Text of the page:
For its 30th anniversary of bringing art to people who are usually ignored, Art Access/VSA Utah received a welcome gift Tuesday — membership in 2014’s group of large cultural organizations that will divide the lion’s share of revenue from Salt Lake County’s Zoo, Arts and Parks (ZAP) tax.
"Happy anniversary to us. Happy anniversary to us," sang Art Access Executive Director Sheryl Gillilan after the County Council approved an advisory committee’s recommendation that included her nonprofit as one of 23 recipients of top-tier ZAP funding.
2014 ZAP Funding
Utah Symphony & Opera » $2,254,344
Ballet West » $951,266
Hale Center Theatre » $927,681
Red Butte Garden » $866,753
Natural History Museum of Utah » $838,254
Pioneer Theatre Co. » $681,020
Living Planet Aquarium » $557,198
Utah Museum of Fine Arts » $377,362
Discovery Gateway » $286,952
Salt Lake Film Society » $278,108
Salt Lake City Arts Council » $236,834
Utah Arts Festival » $218,162
Salt Lake Acting Co. » $195,560
Tanner Dance Program » $193,594
Spy Hop Productions » $174,923
Utah Museum of Contemporary Art » $141,511
Ririe-Woodbury Dance Co. » $125,787
Utah Film Center » $115,960
Utah Humanities Council » $107,116
Repertory Dance Theatre » $93,358
Utah Heritage Foundation » $79,600
Grand Theatre Foundation » $62,894
Arts Access/VSA Utah » $62,894
Source: Salt Lake County
Based on projected tax collection trends, those large cultural groups will split about $9.8 million next year, a slight increase over what was available in 2013. In addition, Utah Zoological Society will receive $2.3 million to help operate Utah’s Hogle Zoo and Friends of Tracy Aviary will get $134,000 for its facility in Liberty Park.
Art Access’s share of the ZAP tax is likely to be $63,000 next year. That’s not a lot of money, but for Gillilan, being included among the large cultural organizations means "we have a chance for more stable contributions annually from the county ZAP tax."
And that stability, she added, probably will translate into more favorable responses from other philanthropic groups Art Access approaches to help underwrite its programs for people with disabilities, refugees, the elderly, homeless and members of the lesbian, gay, bisexual and transgender (LGBT) community.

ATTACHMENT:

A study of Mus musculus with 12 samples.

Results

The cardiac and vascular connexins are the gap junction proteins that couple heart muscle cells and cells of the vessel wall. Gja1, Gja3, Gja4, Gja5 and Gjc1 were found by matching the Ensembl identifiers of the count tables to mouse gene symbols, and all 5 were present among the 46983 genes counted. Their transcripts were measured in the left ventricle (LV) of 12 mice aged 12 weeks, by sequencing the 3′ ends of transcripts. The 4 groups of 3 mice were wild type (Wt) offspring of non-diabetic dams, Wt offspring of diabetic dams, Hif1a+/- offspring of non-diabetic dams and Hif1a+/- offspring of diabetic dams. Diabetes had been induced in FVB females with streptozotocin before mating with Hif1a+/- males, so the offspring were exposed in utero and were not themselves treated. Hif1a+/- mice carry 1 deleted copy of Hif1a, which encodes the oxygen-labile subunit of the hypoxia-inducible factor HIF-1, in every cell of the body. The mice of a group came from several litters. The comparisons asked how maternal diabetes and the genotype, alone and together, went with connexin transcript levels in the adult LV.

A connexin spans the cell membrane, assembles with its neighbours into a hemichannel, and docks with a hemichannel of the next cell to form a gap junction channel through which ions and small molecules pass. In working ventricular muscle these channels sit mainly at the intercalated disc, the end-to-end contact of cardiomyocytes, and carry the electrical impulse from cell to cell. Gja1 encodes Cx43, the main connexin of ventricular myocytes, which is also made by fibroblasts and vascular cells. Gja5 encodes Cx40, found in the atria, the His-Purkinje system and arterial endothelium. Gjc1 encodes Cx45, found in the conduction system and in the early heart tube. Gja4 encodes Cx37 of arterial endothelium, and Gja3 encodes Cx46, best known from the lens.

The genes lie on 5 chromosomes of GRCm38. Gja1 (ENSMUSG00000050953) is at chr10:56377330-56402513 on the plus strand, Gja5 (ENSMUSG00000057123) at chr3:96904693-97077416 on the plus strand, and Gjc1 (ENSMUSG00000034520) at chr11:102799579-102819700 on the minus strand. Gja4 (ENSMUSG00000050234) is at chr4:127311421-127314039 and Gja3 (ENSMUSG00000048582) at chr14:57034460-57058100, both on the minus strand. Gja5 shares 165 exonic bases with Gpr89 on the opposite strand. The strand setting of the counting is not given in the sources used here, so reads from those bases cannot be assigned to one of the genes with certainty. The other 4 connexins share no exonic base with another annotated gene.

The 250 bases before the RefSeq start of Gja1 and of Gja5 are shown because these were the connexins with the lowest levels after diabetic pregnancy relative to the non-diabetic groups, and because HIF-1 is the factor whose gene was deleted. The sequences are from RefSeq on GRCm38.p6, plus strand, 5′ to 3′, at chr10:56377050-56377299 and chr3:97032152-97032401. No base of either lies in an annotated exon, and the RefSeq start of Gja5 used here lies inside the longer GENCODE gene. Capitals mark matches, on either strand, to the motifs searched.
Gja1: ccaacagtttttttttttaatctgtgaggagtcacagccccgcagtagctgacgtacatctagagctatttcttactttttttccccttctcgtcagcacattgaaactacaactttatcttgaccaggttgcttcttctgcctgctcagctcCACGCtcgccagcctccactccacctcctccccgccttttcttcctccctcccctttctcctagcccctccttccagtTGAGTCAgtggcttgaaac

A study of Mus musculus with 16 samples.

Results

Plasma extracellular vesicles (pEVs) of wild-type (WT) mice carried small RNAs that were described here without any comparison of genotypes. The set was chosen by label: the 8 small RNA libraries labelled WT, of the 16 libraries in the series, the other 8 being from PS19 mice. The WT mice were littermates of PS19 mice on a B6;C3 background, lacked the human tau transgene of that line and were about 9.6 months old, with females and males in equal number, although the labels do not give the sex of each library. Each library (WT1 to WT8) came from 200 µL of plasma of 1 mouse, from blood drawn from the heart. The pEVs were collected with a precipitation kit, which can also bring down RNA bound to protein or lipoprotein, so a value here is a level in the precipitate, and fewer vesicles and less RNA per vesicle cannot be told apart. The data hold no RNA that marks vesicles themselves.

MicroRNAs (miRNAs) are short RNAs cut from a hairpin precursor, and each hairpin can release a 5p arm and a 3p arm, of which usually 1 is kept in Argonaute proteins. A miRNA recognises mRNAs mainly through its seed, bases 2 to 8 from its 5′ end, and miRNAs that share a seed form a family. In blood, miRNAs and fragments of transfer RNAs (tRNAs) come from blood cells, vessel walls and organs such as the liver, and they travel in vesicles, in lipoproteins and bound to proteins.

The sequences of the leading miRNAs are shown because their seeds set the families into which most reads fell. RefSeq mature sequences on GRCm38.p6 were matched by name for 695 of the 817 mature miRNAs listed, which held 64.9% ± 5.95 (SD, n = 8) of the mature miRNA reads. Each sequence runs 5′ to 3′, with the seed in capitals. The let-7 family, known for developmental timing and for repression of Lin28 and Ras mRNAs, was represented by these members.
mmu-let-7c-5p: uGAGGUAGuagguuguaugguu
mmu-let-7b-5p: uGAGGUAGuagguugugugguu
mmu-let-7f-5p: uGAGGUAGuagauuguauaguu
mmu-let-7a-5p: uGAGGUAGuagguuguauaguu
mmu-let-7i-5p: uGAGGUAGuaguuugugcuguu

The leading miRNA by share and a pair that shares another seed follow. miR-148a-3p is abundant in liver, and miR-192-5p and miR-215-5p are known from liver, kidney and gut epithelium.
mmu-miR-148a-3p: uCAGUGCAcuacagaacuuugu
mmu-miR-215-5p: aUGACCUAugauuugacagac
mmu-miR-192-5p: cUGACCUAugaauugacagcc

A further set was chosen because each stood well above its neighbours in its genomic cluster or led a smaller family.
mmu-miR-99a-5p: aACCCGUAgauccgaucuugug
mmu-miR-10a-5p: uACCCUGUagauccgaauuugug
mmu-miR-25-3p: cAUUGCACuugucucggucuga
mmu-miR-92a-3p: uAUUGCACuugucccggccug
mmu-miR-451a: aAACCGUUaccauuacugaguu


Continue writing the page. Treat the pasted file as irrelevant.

"We have a veterans program," Gillilan noted, in which military veterans are charged only $10 for six-week art workshops "because we want it to be accessible to vets who don’t have a lot of money."
Art Access also goes into special-education classes in schools and to centers for adults with disabilities to give people in those institutions a chance to be creative.
"Our philosophy is that art belongs to everyone, everyone can create it and everyone can view it," she added. "We make art extra accessible to people so we don’t charge much and we need to subsidize that with ZAP-tax money and foundation support."
The advisory committee received 25 requests for funding, said its chairwoman, Stephanie Harpst, who outlined a points system used to grade each application.
Art Access accumulated more points than Kingsbury Hall at the University of Utah, which fell out of the top group after having received $202,000 last year, she said.
The Leonardo, a science and technology-oriented museum in Salt Lake City, did not qualify as a top-tier ZAP tax recipient because it did not have three years of operating experience, Harpst said. To be considered a large cultural organization, a group also has to have an annual budget of at least $319,000 for the past three years.
As usual, Utah Symphony & Opera was the largest individual recipient of ZAP tax funding, projected to receive $2.25 million next year. Ballet West will get the next largest share of the arts and culture share of funding ($950,000), followed closely by Hale Center Theatre ($928,000), Red Butte Garden and Arboretum ($867,000) and the Natural History Museum of Utah ($838,000).
In 1997, county voters approved ZAP, a sales tax of one penny on every $10 spent, to support arts, cultural and zoological organizations and park projects.
Large cultural organizations split almost 49 percent of the annual proceeds, parks and recreation gets 30 percent, Hogle Zoo and Tracy Aviary divide 12 percent, and a hundred-plus small arts groups subdivide the remaining 9 percent.